Monday, March 14, 2011

The Bell Jar - Sylvia Plath - Burden Of The Mind

Last week I read a short story online about a person who is losing his mind and it was troubling. That led me to think about works that deal with a faltering mind. Writers take their own experiences and also what they see and observe and create their works, even if it may be fiction. It may be their hurt, anger, some one else's misfortune, be what it may, it also pre-supposes that their mind is in someway taking it all in with a certain lucidity, so that they can bring it out later. But what if the mind itself is not in control, or what if a person whom a writer sees is losing his mind, how does the writer  try to explain what is going on or what happened in such a case? There have been several works in this regard (கோபிகிருஷ்ணன் ஆக்கங்கள், கன்னி நாவல் நினைவுக்கு வருகின்ற உடனடியாக ). From what I have read, these works start at the point where the mind has already collapsed and is at an extreme boiling point and try to illustrate as much as possible what is happening in that distorted mind. But can one tell with almost frightening lucidity (at least it felt to me that way), what happened to himself/herself when she had a mental break down? That's what Sylvia Plath's Bell jar does.

Part fiction, part auto biographical this novel narrates a young girl 'Esther Greenwood's descent into mental illness. This is Plath's only novel. Esther has just come to New York from a suburb and is working in a magazine. As the novel start she seems to be a pretty normal girl, confident and secure. Her family too seems to be a stable one with the normal preoccupation with academics, but nothing unusual about it. But what Plath narrates next in a no-nonsense way, how Esther slips into some sort of depression and tries to fight it is chilling. Right from the party, where Esther starts getting the first symptoms to her leaving the job, her attempts at suicide, getting admitted to a hospital are told in a very dispassionate tone as if describing normal every day activities. The crystal clear manner in which they are told is even more disturbing when you think about the fact that Plath too suffered from some sort of depression and some events in the novel has a parallel with her own life. As a reader, you first encounter a very normal, happy, spirited young girl, the kind of person whom we probably encounter throughout our life.You see a young person, starting out on her career, her entire life ahead of her, with all its joys and sorrows and then you slowly see her breakdown, and because it is so close to life in the sense it could happen to someone you know, maybe even ourself, you find yourself being affected and even scared by it. You know something very bad is happening but are powerless to stop it. Like seeing cancer spread everywhere. This is a very disturbing read and I personally have not been able to read it after the first time, even now I am writing from memory, could not even flip through the pages just to refresh my memory, left the book on the desk after taking it.  It is beyond my limited vocabulary to explain what I actually felt and beyond my mental fortitude to even explain what happens in the novel as it is as some sort of synopsis. The book is like holding hot coals and that's why I have not mentioned much about what actually happens in the novel except in a few sentences above and I see this is more of a rambling from me instead of some sort of coherent post, but this is the only way I can try to tell about this novel. You actually do not know how much of what is mentioned in the novel actually happened to Plath, but what's terrifying is that it can happen, will happen, has happened, is happening to others even if not to Plath.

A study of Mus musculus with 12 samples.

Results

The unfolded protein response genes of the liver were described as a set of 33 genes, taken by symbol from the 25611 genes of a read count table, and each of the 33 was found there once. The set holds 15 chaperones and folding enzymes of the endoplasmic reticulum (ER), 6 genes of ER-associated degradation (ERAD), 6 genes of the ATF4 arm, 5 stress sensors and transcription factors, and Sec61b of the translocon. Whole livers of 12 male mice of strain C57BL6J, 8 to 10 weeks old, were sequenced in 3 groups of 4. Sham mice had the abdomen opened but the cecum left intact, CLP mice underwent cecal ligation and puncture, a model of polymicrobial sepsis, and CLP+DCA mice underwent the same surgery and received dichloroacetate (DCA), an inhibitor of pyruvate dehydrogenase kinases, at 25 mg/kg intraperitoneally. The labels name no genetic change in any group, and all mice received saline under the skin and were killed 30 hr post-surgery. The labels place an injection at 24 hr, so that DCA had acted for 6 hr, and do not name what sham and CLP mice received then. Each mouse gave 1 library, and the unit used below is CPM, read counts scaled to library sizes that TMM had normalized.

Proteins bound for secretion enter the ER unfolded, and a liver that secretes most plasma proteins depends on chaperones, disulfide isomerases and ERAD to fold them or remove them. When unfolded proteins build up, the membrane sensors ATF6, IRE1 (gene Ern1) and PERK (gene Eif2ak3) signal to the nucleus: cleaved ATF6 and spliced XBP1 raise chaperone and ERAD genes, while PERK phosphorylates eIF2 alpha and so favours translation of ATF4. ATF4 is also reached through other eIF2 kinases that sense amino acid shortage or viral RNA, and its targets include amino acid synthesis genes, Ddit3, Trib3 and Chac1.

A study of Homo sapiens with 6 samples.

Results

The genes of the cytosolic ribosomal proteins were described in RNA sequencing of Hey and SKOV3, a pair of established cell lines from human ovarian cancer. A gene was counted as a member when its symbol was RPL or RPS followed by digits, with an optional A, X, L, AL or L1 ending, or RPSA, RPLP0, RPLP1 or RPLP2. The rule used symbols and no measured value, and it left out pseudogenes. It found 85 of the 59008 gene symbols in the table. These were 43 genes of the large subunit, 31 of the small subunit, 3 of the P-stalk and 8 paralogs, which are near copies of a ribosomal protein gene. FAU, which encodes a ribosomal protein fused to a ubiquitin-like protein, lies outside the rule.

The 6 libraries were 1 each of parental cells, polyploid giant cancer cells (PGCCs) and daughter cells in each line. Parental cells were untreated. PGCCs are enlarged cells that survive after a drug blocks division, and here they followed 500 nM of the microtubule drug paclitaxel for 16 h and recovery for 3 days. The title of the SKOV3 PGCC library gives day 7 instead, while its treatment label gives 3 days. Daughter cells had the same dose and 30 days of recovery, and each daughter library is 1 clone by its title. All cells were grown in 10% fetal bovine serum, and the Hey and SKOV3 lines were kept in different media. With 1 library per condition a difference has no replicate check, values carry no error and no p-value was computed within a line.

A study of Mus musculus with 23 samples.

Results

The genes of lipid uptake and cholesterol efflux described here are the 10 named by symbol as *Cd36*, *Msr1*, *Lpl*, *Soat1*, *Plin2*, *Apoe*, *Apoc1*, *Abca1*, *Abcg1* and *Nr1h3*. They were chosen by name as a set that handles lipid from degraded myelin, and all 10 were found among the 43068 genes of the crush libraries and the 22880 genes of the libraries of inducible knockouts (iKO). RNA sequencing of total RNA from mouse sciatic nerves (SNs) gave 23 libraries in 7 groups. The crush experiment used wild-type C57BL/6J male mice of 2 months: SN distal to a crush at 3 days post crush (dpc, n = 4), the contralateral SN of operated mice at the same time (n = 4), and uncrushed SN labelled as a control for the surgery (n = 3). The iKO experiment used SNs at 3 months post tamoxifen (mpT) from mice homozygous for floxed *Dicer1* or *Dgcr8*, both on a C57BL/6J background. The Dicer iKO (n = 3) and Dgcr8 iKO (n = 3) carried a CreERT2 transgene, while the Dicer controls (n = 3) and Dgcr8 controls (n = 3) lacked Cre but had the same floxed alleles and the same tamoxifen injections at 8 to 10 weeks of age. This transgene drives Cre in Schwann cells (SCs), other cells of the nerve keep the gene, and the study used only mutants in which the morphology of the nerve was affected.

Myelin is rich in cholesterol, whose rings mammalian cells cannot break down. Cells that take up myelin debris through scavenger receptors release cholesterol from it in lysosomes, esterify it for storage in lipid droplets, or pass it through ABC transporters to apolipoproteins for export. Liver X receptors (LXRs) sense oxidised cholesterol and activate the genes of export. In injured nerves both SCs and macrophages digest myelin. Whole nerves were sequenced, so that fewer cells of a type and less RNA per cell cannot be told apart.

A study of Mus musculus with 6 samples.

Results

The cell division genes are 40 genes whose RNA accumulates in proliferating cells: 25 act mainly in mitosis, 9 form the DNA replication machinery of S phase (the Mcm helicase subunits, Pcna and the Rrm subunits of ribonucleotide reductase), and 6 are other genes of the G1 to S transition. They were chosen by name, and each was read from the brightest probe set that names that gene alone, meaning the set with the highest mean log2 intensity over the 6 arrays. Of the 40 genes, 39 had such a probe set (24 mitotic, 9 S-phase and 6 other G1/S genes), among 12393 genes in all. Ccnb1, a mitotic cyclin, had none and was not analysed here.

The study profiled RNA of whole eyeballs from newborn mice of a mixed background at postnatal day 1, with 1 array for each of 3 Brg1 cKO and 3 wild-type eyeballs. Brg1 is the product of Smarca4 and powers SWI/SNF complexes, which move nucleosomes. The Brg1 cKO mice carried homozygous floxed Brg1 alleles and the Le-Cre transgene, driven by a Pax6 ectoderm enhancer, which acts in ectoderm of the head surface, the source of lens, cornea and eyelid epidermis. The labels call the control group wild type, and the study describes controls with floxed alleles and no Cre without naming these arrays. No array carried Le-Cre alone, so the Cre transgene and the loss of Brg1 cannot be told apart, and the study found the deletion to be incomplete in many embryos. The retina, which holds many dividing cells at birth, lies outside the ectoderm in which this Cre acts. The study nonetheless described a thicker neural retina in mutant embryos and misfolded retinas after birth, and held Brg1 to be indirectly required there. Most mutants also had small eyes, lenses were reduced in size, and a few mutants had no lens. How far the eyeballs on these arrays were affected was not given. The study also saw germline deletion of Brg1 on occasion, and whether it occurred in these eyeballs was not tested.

The novel ends on a possibly optimistic note as Esther goes in for her interview with the doctor which would decide if she can leave the hospital. One would think that the novel would have acted as a sort of catharsis for Plath. But as we know, life nearly never follows the script that we would like to see. So, in this case, Plath committed suicide about a month after the novel was published. Ironic isn't it. Maybe it just shows again the inadequacy of words to express what actually we feel, what we felt, maybe the burden of the mind was too much was Plath to bear (David Foster Wallace comes to mind again). But whatever happened, I got an incredible amount of respect for Plath, for confronting what to me personally, is a person's most difficult opponent, one's own mind, the traitor within, the mind which can lead us to great heights, but if it rebels against us, it is mostly a losing cause for the person to fight it. Some books are so good, but very disturbing in some way, that you feel unsure about referring them.  Similarly I don't know if I could refer this work to somebody off hand, but if you feel you can put up with what I have mentioned in the post, go ahead but be warned. I know nothing about poetry and have read zilch, but if I ever get an inclination towards it, Sylvia Plath's works would be the first ones I read.


  1. A very nice review. I started reading Bell Jar a long time ago, but haven't finished it yet.
    Do you have a chance of reading Umberto Eco's 'The Mysterious Flame of Queen Loana'. In this novel, a person loses his memory because of stroke. Eco had written this novel with very unique wasys.


  2. Hi dj,
    Thanks for the comments. I haven't read The Mysterious Flame of Queen Loana. It's on the ever growing list of, books to be read. You comments on it have moved it up the order in the list :). Thanks for the reco.